ATTENTION, please ! Playing with browser’s preferences may DAMAGE or ERASE your browser’s and email accounts and data ! So, it’s MANDATORY to create a backup of the user’s profile before starting the activity !
I need for a sort of “filter” to make “private” some PHP scripts on my website. I just want that such scripts will work only when accessed by my PC’s browser. My public IP changes very often (it’s dynamic) so can’t be used as a proof of a request coming from my PC. An easy way can be to add a personalized message to the usual UserAgent string of my browser. I use “SeaMonkey” ‘cause is very fast and “light” and also integrates the email client ; looking at the configuration options I didn’t found how to modify the UserAgent string, but googling for an answer I found that there is a preference that can be set to override the default one. The problem is that I don’t want just to override the “normal” UserAgent, but I just want to “append” my own string. So I created a very small PHP script just to know what’s my actual UserAgent. I called this script “UAget.php” ; it’s very simple, look at the picture below (note that clicking on the pictures loads 1:1 scale view)
I saved that script to an executable folder of my website (that can handle PHP scripts, obviously). Now, starting SeaMonkey and giving the URL of my script I had this result :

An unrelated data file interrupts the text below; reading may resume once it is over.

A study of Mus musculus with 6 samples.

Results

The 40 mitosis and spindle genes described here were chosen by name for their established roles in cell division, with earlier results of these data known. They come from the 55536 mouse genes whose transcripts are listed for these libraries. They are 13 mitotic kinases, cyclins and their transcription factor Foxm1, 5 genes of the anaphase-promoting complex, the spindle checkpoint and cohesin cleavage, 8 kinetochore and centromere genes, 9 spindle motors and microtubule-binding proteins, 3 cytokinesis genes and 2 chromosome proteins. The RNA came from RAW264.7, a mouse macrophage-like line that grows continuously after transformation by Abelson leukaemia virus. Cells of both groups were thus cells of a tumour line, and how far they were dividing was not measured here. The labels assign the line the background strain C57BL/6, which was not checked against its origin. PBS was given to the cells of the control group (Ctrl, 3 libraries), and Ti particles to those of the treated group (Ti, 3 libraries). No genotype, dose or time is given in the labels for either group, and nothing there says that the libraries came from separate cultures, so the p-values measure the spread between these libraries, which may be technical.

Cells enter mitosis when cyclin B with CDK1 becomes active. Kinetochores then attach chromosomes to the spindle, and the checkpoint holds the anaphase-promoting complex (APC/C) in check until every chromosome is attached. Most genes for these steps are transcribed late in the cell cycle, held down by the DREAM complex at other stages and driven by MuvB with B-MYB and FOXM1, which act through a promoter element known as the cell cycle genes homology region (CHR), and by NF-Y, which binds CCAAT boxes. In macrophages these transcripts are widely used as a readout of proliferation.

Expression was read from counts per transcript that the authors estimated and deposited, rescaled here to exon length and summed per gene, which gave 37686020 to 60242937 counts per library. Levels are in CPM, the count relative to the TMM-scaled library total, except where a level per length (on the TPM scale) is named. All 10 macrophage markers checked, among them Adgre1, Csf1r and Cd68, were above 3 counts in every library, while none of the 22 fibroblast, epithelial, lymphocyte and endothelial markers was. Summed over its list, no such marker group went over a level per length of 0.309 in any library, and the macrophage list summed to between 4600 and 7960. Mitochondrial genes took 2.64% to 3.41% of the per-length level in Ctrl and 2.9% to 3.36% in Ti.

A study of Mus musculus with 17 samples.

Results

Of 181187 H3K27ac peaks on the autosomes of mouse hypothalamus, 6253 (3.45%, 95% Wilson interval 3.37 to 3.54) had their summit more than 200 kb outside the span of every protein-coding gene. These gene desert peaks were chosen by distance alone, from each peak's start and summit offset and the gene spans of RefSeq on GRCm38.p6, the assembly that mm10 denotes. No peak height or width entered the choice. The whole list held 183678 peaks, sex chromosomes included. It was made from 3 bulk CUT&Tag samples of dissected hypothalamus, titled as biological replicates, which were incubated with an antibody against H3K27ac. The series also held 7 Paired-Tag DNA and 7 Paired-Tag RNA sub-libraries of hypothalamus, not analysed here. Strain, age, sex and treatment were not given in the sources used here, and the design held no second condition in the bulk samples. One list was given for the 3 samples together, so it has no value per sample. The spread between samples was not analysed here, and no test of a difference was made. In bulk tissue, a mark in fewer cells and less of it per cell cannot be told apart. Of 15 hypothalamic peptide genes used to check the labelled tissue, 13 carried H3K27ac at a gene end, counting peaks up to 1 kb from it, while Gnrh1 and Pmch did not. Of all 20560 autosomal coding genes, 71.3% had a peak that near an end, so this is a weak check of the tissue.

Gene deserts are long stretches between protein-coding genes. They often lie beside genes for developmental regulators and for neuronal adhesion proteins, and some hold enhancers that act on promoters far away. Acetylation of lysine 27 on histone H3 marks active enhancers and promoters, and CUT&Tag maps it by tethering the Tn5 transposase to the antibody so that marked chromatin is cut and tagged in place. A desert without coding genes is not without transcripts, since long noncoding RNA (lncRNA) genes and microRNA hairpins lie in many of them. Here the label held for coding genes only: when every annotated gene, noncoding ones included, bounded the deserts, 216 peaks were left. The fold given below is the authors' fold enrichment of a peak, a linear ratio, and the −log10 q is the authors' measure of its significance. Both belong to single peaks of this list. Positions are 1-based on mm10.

At this point, I can try to add my personalized string to the UserAgent. For adding a new preference to the SeaMonkey’s configuration, you have to type “about:config” in the URL bar. You will receive an alert like this:
Now you can see a list of option keys. Just click in empty space the right mouse key and on the descending menu choose: New, then: string and click for confirmation. You will be asked about the name of new preference:
At this point, we paste (ctrl-V) the contents of the clipboard, that’s the original UserAgent string, and then append our personal string, in this example: ” Pippo/9.1.2015″, clicking OK to confirm. Look, our new “key” is part of the preferences list.
Well done… our browser’s UserAgent, now, has an additional field: ” Pippo/9.1.2015″. This can be used in our PHP scripts to determine if the script itself will answer to requests or not, by means of parameter $_SERVER[‘HTTP_USER_AGENT’] used as filter. If the parameter contains our personalized string, then the script has been accessed by our browser (or by any other device that has ” Pippo/9.1.2015″ as part of the UserAgent).